The InBody 570 Body Composition Analyzer measures body fat using the same basic principle as a home bathroom scale: electrical conductivity. However, this machine uses much more sophisticated technology.
So today I set out in the pouring rain to meet up with Ayda Ersoy at BASE Fitness in North Vancouver. Ayda has one of the very few InBody units in the Metro Vancouver region, and she’s happy to help people get their results. Once in a while she’ll even travel it around to different gyms to make it more accessible for a wider range of people!
The scan set me back $60, which was half the price that I paid for a DEXA scan. But more importantly, this type of scan is very safe, so it’s fine to use it as frequently as you can acess a machine to do so. That’s unlike the DEXA scan, where you really want to minimize your X-ray exposure. But enough chat, let’s jump right to the results (PDF).
The result: 21.3 percent body fat! That’s right in between my results from DEXA (29.4%) and the Fitbit Aria2 (17.3%). Apparently the InBody 570 is supposed to calibrated and scientifically evaluated to be 98% accurate with DEXA, but apparently my body is the exception to that rule.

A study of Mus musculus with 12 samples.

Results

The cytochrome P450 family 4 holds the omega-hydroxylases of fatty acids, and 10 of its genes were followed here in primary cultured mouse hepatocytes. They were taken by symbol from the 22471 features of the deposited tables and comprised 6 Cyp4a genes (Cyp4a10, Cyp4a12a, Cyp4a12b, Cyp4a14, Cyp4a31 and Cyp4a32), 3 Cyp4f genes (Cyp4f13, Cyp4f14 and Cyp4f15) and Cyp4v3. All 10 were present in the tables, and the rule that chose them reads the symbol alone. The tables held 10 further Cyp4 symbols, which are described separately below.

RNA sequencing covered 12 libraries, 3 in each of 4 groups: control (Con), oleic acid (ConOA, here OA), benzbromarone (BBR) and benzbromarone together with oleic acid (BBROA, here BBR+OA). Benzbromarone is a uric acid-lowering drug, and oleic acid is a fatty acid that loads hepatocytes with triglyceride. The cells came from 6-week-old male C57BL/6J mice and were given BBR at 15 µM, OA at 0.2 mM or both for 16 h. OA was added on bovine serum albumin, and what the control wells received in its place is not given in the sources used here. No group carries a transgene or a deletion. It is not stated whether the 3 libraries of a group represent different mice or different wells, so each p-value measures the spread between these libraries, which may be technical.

So far, this experiment seems to be proving my hypothesis that body fat measurement is closer to tarot card reading than a real solid science.
For anyone else in the Metro Vancouver area who wants to try an InBody machine, Ayda mentioned that there are a couple others around.
Yes, there’s a few places — they have one at Capilano University, but they don’t accept people from outside the university; there’s one at Copeman Clinic downtown, but I know they’re really expensive too, so you should check the price before going; and there was one in Richmond, but I can’t remember the name and I couldn’t find it now either, you can try looking if you like.